Tuesday, September 1, 2009

The Silence of The Catholic Diocese of Peoria

Bishop Jenky of the Catholic Diocese of Peoria has been silent regarding the fact that OSF's new acquisition, OSF Medical Group--College Avenue in Bloomington, Illinois, will employee new OSF physicians who will prescribe oral contraceptives.

Bishop Jenky was also quite destructive to Haitian Hearts as OSF in Peoria did all they could to stop Haitian children from coming to Peoria for further heart surgery.

And now Bishop D'Arcy in Indiana is accusing the University of Notre Dame Trustees of being silent regarding their discussions of President Obama's visit to UND in May. Bishop Jenky serves as a Trustee at UND.

See this article in America, August 31, 2009.

The Silent Board

In the midst of the crisis at Notre Dame, the board of trustees came to campus in April for their long-scheduled spring meeting. They said nothing. When the meeting was completed, they made no statement and gave no advice. In an age when transparency is urged as a way of life on and off campus, they chose not to enter the conversation going on all around them and shaking the university to its roots. We learned nothing about their discussions.

I firmly believe that the board of trustees must take up its responsibility afresh, with appropriate study and prayer. They also must understand the seriousness of the present moment. This requires spiritual and intellectual formation on the part of the men and women of industry, business and technology who make up the majority of the board. Financial generosity is no longer sufficient for membership on the boards of great universities, if indeed it ever was. The responsibility of university boards is great, and decisions must not be made by a few. Like bishops, they are asked to leave politics and ambition at the door, and make serious decisions before God. In the case of Notre Dame, they owe it to the Congregation of Holy Cross, which has turned this magnificent place over to a predominately lay board; they owe it to the students who have not yet come; they owe it to the intrepid missionary priest, Edward Sorin, C.S.C., and the Holy Cross religious who built this magnificent place out of the wilderness. They owe it to Mary, the Mother of God, who has always been honored here. Let us pray that they will take this responsibility with greater seriousness and in a truly Catholic spirit.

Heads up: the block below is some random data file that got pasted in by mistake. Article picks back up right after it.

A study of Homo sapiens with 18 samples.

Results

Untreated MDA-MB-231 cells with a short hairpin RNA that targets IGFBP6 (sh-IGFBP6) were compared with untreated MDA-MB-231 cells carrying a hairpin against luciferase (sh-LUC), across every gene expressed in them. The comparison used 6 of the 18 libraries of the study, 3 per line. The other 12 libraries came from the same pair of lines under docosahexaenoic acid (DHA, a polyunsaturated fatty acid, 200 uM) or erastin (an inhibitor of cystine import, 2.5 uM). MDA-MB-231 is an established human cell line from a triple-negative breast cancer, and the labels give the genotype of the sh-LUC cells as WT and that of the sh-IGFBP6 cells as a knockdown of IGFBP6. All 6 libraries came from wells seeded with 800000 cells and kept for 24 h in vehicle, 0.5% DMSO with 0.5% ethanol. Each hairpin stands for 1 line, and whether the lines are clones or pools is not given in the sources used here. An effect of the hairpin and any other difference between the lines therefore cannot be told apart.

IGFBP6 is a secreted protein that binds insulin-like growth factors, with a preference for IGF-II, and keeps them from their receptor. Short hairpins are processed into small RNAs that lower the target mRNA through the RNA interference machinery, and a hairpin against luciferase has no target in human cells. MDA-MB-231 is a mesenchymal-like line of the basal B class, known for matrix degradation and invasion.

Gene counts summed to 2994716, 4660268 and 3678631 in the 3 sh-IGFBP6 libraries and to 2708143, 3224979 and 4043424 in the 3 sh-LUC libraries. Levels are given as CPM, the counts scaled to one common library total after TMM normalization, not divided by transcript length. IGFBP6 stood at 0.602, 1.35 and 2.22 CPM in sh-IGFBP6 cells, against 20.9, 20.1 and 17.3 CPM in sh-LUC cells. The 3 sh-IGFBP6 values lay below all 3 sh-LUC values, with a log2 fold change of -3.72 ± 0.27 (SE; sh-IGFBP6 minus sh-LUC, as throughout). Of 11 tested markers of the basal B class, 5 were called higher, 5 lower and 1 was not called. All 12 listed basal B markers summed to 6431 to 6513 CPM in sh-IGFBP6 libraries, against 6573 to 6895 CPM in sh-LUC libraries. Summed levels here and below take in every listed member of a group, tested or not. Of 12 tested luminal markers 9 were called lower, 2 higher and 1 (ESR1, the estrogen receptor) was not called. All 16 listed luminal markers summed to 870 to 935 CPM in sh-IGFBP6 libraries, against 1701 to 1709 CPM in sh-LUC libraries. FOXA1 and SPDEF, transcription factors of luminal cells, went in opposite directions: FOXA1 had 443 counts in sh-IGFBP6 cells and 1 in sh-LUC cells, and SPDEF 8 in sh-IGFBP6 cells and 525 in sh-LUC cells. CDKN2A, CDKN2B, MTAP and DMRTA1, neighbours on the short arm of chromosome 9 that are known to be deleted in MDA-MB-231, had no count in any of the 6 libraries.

Perhaps the most important questions asked by Bishop D'Arcy revolve around the necessity for communication and dialogue to occur between the administration of Catholic Universities and the Ordinary Magistarium of the Church. The facts that he was informed of decisions after they were made suggest lack of communication and perhaps trust. His points suggesting that financial largesse trumps Catholic Cultural Values in the decisions to appoint board members is one that seems most likely. This parallels what might also be seen in the Catholic Health Care Arena which like Catholic Education has seen great erosion in Gospel driven mission objectives. Market driven financial incentives often militate against Gospel mission objectives. This article is fair, and asks some very important questions that I would hope the Board of Directors at Notre Dame and other Catholic Universities will consider, and then be forthcoming as they communicate their mission focused discussions.

By Rev. Daniel Callahan, SAf on August 29, 2009 at 12:17 AM

I pray that the suffering this debacle has caused faithful Catholics turns into a renewal of commitment to Christ, His Church, His real presence in the Eucharist and His little ones. Finally, in response to the Saturday disgraces, I do not hesitate to quote Pope Benedict XVI (then Cardinal Joseph Ratzinger), who, in his 1997 book, Salt of the Earth: Christianity and the Catholic Church at the End of the Millennium, wrote of the state of the Church, including the “lowering of moral standards even among men of the Church”:

The words of the Bible and of the Church fathers rang in my ears, those sharp condemnations of shepherds who are like mute dogs; in order to avoid conflicts, that let the poison spread. Peace is not the first civic duty, and a bishop whose only concern is not to have any problems and to gloss over as many conflicts as possible is an image I find repulsive.